By Shaila Dewan
Body camera footage of George Floyd’s death captured one of the officers saying that he was “worried about excited delirium or whatever,” invoking a longstanding controversy over a term that is often invoked in police custody deaths. Some experts insist that excited delirium syndrome is a genuine medical condition while others say it is simply an excuse for police brutality.
In opening statements, the defense mentioned excited delirium only in passing, but did say that a contributing factor to Floyd’s death was “the adrenaline flowing through his body.”
There is no generally accepted definition of excited delirium, according to a 2018 review of the scientific literature, but it is used to describe someone who becomes distressed or aggressive from a mental illness or the use of psychoactive drugs.
It is not included in the International Classification of Diseases or the Diagnostic and Statistical Manual of Mental Disorders, but has been recognized by the National Association of Medical Examiners and the American College of Emergency Physicians.
According to a report by the Brookings Institution, the term is disproportionately applied to Black people, and was first used in 1985 to explain a series of sudden deaths in cocaine users, occurring primarily in police custody, and again to explain the deaths of 32 Black women in Miami in the 1980s, who were later determined to have been asphyxiated by a serial killer.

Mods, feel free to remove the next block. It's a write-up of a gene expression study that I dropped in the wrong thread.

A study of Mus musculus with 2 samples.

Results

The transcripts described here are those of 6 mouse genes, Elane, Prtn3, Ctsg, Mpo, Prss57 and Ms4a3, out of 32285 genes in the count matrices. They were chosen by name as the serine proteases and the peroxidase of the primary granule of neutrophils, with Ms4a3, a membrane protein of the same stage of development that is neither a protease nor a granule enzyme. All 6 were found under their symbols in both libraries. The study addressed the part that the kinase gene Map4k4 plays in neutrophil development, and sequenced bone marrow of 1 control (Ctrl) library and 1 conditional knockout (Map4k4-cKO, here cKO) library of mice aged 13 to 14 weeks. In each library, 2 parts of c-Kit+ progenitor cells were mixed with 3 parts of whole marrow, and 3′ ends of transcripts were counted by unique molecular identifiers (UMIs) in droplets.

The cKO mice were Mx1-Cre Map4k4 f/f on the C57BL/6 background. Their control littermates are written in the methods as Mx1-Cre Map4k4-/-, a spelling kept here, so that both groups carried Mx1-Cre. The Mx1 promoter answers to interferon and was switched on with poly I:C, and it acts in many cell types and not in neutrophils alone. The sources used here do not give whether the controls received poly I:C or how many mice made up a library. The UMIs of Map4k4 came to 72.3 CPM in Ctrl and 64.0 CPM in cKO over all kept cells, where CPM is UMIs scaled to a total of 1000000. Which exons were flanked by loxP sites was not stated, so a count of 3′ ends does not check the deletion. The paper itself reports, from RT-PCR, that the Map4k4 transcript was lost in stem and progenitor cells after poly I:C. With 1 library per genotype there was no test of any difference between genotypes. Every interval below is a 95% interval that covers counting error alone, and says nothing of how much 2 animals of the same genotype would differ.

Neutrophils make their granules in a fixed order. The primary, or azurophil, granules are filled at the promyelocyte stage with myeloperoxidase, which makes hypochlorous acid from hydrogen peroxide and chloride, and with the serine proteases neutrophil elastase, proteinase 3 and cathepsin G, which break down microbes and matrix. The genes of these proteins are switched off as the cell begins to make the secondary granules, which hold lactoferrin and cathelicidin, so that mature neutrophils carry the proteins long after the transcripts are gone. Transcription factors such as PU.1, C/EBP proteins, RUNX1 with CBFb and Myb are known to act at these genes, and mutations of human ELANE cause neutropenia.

Today on the stand, Dr. Bradford Wankhede Langenfeld, who tried to resuscitate Mr. Floyd in the emergency room and pronounced him dead, said he had considered but ultimately rejected excited delirium as a contributing factor in his death, conceding that it was a “controversial diagnosis.”
There was no report that Mr. Floyd had ever been “very sweaty” or “extremely agitated,” he said. “I’ve seen a lot of cases of mental health crises or drug use leading to severe agitated states,” he said. “That is almost always reported by paramedics, and so the absence of that information was telling.”